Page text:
Solon Springs plans solar-powered future
Solon Springs School District is turning to the sun for both energy and education.
The Public Service Commission of Wisconsin (PSC) has awarded the district a $124,500 grant, half of the cost of installing a 100 kW rooftop solar array. The array is expected to generate 44 percent of the school's electricity, saving the district about $12,600 annually.
Solon Springs was one of 31 applicants to be awarded nearly $5 million in energy innovation grants by the PSC Sept. 27. Only 30 percent of applicants statewide received grants, said Solon Springs Superintendent Frank Helquist. That percentage jumped to 60 percent for applicants in northwest Wisconsin.
In addition to Solon Springs, grants were approved for the city of Ashland, Bayfield County and the Drummond and Washburn school districts.
The Solon Springs solar array will be built next summer with the district providing an upfront cost of $12,500. A public-private partnership formed through Solar Legacy Co-op would keep the district's cost low.
The most the district would have to pay for the nearly $250,000 project would be $50,000, according to Tony Hartmann, director of business development for Solar Legacy Co-op.
The co-op offers revolving loans for community solar projects. It will pair the district with private Wisconsin investors who can take advantage of incentive tax credits for renewable energy, which Helquist said are currently at 30 percent.
"We have helped facilitate a lot of solar by taking non-profits and allowing them to participate in federal incentives," Hartmann said.
After six years, the private partner can sell or gift its share of the array to the school, at which point the district would then own it. The system will not have a battery, so any excess power produced when school is out of session would be bought back by Dahlberg Light and Power Company.
The Solon Springs School District has already reduced its energy use by installing LED lighting and more efficient heating and cooling systems, Helquist said. The move to solar would save money, raise local awareness of renewable energy and provide educational opportunities for students.
"It has good value to it," Helquist said.
Science teacher Joanne Zosel includes an introduction to alternative energy solutions in all her courses.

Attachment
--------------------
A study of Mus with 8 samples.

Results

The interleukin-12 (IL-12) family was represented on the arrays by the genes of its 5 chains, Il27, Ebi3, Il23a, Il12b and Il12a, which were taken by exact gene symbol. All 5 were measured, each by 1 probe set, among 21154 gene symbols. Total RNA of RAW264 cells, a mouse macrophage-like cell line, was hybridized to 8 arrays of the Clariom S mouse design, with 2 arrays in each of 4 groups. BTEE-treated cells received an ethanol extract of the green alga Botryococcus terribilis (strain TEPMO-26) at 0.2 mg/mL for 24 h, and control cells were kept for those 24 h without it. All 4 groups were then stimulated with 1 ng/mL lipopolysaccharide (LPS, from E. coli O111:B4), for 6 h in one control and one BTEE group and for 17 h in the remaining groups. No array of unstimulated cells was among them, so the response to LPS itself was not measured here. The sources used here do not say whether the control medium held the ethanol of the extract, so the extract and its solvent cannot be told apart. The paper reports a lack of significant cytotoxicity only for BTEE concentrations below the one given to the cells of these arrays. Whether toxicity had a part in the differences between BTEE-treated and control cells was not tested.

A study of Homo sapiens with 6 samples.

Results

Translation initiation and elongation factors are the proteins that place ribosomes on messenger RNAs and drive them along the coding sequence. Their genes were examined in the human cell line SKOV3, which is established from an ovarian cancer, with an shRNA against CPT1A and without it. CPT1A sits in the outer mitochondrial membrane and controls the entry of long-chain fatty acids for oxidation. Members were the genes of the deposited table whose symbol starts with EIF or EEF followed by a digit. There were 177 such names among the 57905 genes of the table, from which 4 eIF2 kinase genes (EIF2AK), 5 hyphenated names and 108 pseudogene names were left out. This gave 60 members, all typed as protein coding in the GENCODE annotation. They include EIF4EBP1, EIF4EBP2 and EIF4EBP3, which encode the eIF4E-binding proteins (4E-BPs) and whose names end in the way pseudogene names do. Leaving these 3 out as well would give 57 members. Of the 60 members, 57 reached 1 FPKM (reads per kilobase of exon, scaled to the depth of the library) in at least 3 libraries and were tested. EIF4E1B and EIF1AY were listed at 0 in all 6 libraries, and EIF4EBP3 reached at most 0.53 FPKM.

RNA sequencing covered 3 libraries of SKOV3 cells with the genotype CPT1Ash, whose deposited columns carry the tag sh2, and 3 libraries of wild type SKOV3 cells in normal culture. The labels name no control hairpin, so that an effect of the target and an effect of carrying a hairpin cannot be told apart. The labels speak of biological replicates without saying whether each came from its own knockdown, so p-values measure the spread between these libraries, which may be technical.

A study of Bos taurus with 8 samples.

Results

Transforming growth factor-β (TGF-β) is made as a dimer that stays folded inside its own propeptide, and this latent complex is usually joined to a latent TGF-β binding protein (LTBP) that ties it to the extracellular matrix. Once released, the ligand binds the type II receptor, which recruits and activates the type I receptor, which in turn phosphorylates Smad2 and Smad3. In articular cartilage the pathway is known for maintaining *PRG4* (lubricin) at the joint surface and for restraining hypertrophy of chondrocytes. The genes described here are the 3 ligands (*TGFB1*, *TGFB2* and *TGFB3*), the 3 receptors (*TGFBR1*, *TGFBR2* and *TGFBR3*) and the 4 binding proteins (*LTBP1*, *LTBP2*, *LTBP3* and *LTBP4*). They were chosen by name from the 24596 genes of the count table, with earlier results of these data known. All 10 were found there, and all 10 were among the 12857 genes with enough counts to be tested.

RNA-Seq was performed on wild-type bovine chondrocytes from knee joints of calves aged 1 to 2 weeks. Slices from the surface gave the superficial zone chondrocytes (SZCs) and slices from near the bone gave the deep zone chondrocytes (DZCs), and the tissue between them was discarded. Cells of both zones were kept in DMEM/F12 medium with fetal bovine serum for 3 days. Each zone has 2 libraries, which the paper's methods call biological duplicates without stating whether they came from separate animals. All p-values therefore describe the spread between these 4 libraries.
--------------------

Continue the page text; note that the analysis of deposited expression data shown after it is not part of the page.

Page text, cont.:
"Wouldn't it be a great extension to have students able to witness solar panels in action?" Zosel asked in her letter to the PSC supporting the project.
Software included with the solar array would track its energy production, historical performance and energy equivalents through a mobile-friendly display that students could tap into and share.
Mark Stensvold of Bennett, a member of the Solon Springs Educational Foundation, lofted the solar panel plan. He and his wife, Louise Foss, became Dahlberg Light & Power Company's second solar-equipped customers in 2013 and their home was included in this month's Midwest Renewable Energy Association Solar Tour.
Stensvold lofted the idea to Helquist after learning about Solar Legacy Co-op at an energy fair..
"Once I understood what Solar Legacy Co-op was doing, it just made sense," he said.
He's even planning to gift a few of his leftover solar panels to the school for hands-on learning once the project is completed.
Renewable energy in the area is growing. Dahlberg, which serves more than 11,000 retail customers in Douglas, Bayfield and Washburn counties, now has 20 customers who use solar panels. There have been five new solar customers this year alone, according to the utility.
The Solon Springs School array would be Dahlberg's largest solar customer.
Solar Legacy Co-op has supported 14 completed projects since 2013, according to legacysolarcoop.org. They include churches, the cities of Monona and Fitchburg, a library in Merrill and a convent in Milwaukee.
Anyone can become a member of the co-op and buy bonds that earn interest annually. The current interest rate is 4-6 percent, according to Hartmann. That money is lent to solar projects in Wisconsin through a revolving loan fund.
"The fun part is people get to participate," Hartmann said, whether solar is a good fit for their residence or not. "Everybody can do something proactive and positive."